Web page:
When parents in Marietta divorce, one of the biggest challenges is determining who will have primary custody of the children. Assuming both parents want physical custody of the children, it is often up to the courts to decide which parent’s home will be the primary place of residence. These decisions are based on the best interests of the children, but what exactly does that mean? Can parents with disabilities provide for the best interests of their children? Sadly, many courts have ruled that they can’t.
For parents with disabilities, there is a real risk that they will lose custody of their children in the event of divorce. A recent report by the National Council on Disability found that more often than not, physically and intellectually disabled parents have to work harder to retain custody of their children.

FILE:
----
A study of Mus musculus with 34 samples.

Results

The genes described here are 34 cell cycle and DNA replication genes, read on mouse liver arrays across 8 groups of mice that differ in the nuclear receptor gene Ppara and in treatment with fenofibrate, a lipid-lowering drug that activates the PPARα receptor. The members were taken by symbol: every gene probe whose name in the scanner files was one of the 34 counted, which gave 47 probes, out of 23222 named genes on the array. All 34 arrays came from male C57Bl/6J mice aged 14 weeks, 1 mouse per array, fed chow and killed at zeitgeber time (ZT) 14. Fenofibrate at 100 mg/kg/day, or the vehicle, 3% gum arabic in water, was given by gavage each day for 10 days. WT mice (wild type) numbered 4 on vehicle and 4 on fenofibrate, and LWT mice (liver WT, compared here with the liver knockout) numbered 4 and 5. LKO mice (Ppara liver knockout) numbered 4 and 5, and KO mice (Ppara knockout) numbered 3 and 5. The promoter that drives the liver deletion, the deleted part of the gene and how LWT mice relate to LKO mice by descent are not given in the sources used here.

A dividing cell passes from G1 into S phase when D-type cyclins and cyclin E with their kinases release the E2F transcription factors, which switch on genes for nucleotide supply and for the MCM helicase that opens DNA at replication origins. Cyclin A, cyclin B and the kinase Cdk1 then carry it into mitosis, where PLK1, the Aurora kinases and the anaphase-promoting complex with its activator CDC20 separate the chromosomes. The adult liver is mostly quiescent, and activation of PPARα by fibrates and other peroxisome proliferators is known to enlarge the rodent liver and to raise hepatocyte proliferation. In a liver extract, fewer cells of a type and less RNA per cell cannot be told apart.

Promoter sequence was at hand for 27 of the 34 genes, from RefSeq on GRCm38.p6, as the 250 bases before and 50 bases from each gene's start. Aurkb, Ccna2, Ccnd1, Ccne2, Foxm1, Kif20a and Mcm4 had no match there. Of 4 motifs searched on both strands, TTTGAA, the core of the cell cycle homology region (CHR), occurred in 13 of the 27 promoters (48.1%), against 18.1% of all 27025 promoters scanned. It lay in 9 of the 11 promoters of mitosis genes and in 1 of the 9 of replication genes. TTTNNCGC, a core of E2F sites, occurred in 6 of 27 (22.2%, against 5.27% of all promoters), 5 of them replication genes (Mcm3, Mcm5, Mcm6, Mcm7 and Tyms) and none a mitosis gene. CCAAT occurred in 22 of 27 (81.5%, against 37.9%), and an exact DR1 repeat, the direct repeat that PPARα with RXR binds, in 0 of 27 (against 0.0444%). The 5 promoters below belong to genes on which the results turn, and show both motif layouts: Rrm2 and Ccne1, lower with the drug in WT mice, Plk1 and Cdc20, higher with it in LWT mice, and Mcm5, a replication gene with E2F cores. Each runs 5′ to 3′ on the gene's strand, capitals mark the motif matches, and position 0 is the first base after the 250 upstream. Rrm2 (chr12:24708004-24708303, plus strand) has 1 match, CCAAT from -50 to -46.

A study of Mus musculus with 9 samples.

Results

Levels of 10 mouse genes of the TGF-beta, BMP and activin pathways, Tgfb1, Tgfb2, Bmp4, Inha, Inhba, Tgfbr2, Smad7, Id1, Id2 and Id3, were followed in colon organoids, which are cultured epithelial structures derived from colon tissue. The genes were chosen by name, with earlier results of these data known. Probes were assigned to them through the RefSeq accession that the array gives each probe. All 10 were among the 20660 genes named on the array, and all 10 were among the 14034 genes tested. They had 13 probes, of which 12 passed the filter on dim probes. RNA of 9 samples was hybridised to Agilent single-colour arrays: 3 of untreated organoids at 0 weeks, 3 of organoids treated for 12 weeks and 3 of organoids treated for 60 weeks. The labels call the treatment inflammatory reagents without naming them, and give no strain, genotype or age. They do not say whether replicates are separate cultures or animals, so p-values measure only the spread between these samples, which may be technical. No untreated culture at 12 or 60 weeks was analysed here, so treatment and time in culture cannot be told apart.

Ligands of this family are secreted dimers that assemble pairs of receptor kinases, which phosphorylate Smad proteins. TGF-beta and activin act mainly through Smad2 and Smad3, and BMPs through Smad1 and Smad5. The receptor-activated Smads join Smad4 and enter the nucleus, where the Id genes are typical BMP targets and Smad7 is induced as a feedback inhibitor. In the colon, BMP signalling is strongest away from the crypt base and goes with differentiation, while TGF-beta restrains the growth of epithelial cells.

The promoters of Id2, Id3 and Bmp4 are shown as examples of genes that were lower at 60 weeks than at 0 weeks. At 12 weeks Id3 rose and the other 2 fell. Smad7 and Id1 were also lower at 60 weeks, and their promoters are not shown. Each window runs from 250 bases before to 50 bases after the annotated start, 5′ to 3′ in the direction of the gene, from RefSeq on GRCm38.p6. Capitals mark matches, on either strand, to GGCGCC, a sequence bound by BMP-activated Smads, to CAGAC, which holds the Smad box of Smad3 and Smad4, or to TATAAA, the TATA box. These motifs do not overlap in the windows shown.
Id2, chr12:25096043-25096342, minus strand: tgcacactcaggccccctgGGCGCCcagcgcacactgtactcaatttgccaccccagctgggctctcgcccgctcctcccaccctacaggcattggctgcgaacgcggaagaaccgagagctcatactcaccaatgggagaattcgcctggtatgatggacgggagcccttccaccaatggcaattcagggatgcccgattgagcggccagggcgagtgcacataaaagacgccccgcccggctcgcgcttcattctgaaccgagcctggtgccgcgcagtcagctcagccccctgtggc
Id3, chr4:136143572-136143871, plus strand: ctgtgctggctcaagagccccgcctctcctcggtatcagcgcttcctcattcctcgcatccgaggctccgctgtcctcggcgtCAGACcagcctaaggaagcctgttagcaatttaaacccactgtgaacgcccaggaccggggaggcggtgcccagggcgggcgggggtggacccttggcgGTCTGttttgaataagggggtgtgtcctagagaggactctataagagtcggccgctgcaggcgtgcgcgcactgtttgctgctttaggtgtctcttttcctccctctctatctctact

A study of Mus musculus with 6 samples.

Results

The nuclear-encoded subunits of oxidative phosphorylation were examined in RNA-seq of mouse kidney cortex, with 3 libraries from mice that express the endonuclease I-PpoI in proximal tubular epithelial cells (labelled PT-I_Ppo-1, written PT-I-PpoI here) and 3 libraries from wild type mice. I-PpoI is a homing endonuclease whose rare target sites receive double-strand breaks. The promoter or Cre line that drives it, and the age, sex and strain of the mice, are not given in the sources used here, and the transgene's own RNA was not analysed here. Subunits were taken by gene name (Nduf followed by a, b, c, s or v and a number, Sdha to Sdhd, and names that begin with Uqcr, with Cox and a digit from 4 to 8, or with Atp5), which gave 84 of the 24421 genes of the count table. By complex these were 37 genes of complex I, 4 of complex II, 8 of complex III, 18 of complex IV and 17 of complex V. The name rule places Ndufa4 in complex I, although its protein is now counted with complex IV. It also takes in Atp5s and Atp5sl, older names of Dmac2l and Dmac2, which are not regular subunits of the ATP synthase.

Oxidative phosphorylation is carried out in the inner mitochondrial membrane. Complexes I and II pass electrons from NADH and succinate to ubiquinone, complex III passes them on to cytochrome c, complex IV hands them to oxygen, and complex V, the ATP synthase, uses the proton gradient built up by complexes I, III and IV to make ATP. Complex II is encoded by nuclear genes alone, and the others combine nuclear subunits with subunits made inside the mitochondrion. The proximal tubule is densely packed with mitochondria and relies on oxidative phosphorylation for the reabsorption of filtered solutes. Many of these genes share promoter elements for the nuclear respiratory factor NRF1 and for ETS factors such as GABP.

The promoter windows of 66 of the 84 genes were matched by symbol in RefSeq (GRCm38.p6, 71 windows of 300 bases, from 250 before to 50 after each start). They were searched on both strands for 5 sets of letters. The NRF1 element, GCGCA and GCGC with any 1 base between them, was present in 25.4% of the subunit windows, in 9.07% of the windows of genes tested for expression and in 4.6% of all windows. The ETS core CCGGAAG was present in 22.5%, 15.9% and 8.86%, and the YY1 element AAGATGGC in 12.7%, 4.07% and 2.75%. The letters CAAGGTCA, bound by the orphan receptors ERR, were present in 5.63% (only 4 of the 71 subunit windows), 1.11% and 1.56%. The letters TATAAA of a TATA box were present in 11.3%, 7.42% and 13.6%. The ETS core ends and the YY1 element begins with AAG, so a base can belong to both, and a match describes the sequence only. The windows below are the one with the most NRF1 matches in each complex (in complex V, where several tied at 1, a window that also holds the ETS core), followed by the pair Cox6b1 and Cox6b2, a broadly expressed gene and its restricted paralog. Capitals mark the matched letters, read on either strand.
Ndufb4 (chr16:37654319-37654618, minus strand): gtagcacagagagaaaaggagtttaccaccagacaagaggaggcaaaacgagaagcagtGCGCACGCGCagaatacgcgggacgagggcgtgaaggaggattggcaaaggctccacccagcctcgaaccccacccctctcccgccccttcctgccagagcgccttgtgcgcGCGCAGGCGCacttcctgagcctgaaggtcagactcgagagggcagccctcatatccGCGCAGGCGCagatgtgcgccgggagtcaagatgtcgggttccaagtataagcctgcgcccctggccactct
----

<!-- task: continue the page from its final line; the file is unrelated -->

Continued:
Though this blog has talked extensively about the need for an experienced and competent attorney in child custody disputes, lawyers are absolutely essential when one or both parents are disabled. There are a litany of child-welfare advocates who are concerned that a disability will prevent a parent from properly caring for and raising a child. Some are even concerned that a parent’s disability could lead to outright harm or abuse.
Many parents with disabilities, both single and married, must come up with creative ways to parent their children. But there are some people who will look at programs that provide assistance to parents with disabilities as indicators that the parents would be unable to successfully care for their children without the help instead of as another parenting tool.
There should never be a case where a parent is denied custody of his or her child merely because he or she has a disability. While disabled parenting may be more unconventional, courts should not discriminate because of someone’s disability status.
Source: The Huffington Post, “Disabled Parents Often Lose Custody Of Children, Report Finds,” David Crary, Nov. 26, 2012
Within our practice we have worked closely with mothers and fathers seeking to preserve their parental rights and you can find out more by visiting our website.